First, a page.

When initializing your application or testing it can be exhausting to create sample data for your database. The solution is to use seeding. Create factories for your entities and use them in the seed script or combine multiple seed scripts.
A seeder class contains one method
run. This method is called when you use the command
npx mikro-orm seeder:run. In the
run method you define how and what data you want to insert into the database. You can create entities using the EntityManager or you can use Factories.
You can create your own seeder classes using the following CLI command:
This creates a new seeder class. By default it will be generated in the
./database/seeder/ directory. You can configure the directory in the config with the key
As an example we will look at a very basic seeder.
Running a seeder from the command line or programmatically will automatically call
runmethod has completed.
Instead of specifying all the attributes for every entity, you can also use entity factories. These can be used to generate large amounts of database records. Please read the documentation on how to define factories to learn how to define your factories.
As an example we will generate 10 authors.
run method you can specify other seeder classes. You can use the
call method to breakup the database seeder into multiple files to prevent a seeder file from becoming too large. The
call method accepts an array of seeder classes.
When testing you may insert entities in the database before starting a test. Instead of specifying every attribute of every entity by hand, you could also use a
Factory to define a set of default attributes for an entity using entity factories.
Lets have a look at an example factory for an Author entity.
Basically you extend the base
Factory class, define a
model property and a
definition method. The
model defines for which entity the factory generates entity instances. The
definition method returns the default set of attribute values that should be applied when creating an entity using the factory.
Via the faker property, factories have access to the Faker library, which allows you to conveniently generate various kinds of random data for testing.
Once you defined your factories you can use them to generate entities. Simply import the factory, instantiate it and call the
Generate multiple entities by calling the
make method. The parameter of the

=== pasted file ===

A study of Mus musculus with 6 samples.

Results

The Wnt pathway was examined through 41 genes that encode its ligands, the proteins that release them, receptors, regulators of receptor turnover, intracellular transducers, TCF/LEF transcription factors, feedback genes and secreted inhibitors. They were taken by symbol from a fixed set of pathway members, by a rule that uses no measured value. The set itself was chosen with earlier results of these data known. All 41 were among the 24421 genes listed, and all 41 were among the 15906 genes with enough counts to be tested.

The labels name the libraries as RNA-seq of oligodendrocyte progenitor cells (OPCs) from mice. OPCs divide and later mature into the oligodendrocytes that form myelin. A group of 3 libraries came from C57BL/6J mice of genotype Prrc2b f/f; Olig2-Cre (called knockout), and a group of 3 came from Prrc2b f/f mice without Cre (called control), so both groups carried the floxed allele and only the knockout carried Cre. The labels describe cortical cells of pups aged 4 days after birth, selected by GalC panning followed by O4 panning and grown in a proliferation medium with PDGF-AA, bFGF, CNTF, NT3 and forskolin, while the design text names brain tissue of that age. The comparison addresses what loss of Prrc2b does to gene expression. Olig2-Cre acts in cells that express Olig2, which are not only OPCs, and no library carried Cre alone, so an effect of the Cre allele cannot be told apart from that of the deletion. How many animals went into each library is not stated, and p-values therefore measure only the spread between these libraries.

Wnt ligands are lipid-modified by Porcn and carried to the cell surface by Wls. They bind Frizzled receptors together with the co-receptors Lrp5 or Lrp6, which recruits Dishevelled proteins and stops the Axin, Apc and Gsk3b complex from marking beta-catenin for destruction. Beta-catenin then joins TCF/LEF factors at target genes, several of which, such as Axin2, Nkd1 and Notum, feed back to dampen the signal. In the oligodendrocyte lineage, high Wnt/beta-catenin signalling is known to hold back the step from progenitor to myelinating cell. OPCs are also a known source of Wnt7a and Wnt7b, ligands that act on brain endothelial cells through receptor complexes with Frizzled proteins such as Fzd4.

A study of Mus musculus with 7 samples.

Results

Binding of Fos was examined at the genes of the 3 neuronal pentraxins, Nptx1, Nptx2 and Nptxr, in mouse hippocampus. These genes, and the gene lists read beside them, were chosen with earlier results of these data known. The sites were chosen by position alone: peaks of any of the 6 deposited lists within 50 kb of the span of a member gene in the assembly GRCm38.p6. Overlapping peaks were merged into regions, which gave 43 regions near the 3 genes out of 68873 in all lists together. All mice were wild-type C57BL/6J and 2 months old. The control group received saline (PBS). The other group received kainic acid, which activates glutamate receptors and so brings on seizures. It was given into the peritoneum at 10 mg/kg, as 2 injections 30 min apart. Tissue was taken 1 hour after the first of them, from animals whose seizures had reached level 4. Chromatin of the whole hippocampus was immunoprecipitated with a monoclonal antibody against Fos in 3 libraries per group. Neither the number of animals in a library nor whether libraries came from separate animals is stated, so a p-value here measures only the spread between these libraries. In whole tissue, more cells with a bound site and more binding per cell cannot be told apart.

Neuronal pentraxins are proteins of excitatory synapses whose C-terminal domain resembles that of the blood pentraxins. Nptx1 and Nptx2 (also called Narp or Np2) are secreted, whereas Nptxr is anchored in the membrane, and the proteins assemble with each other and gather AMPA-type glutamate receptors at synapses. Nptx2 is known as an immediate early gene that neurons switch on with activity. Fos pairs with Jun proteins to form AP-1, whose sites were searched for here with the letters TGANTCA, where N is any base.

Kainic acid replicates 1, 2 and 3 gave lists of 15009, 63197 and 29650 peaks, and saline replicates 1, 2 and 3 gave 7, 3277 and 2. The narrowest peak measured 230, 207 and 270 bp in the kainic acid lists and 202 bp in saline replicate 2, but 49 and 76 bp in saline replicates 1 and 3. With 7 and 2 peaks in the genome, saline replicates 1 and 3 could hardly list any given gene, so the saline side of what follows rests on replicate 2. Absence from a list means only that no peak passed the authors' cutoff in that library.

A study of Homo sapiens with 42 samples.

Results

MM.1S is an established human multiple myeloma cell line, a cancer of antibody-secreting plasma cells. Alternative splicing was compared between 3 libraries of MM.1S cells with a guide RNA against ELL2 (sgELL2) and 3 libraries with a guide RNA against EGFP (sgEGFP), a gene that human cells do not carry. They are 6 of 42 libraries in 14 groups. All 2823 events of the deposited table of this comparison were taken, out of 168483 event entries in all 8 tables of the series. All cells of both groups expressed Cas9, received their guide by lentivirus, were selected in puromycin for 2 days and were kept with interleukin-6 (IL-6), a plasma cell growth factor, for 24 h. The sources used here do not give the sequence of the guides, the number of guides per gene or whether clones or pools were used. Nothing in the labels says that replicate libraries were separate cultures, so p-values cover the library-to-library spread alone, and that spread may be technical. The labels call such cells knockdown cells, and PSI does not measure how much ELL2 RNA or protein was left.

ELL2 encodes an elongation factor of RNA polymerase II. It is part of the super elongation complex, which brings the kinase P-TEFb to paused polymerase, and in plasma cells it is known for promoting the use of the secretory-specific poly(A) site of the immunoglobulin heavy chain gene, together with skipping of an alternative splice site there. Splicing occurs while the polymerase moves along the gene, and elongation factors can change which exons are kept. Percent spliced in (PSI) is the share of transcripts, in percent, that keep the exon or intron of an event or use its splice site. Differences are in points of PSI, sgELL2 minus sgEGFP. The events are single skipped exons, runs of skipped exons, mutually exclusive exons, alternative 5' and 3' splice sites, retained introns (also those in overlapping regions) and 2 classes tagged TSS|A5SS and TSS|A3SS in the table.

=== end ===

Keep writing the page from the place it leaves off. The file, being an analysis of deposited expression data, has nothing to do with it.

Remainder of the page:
make method is the number of entities you generate.
If you would like to override some of the default values of your factories, you may pass an object to the make method. Only the specified attributes will be replaced while the rest of the attributes remain set to their default values as specified by the factory.
create method instantiates entities and persists them to the database using the
persistAndFlush method of the EntityManager.
You can override the default values of your factories by passing an object to the
It is nice to create large quantities of data for one entity, but most of the time we want to create data for multiple entities and also have relations between these. For this we can use the
each method which can be chained on a factory. The
each method can be called with a function that transforms output entity from the factory before returning it. Lets look at some examples for the different relations.
You may execute the
seeder:run MikroORM CLI command to seed your database. By default, the
seeder:run command runs the DatabaseSeeder class, which may in turn invoke other seed classes. However, you may use the
--class option to specify a specific seeder class to run individually:
You may also seed your database using the
schema:fresh command in combination with the
--seed option, which will drop all tables and re-run all of your migrations or generate the database based on the current entities. This command is useful for completely re-building your database:
Now we know how to create seeders and factories, but how can we effectively use them in tests. We will show an example how it can be used.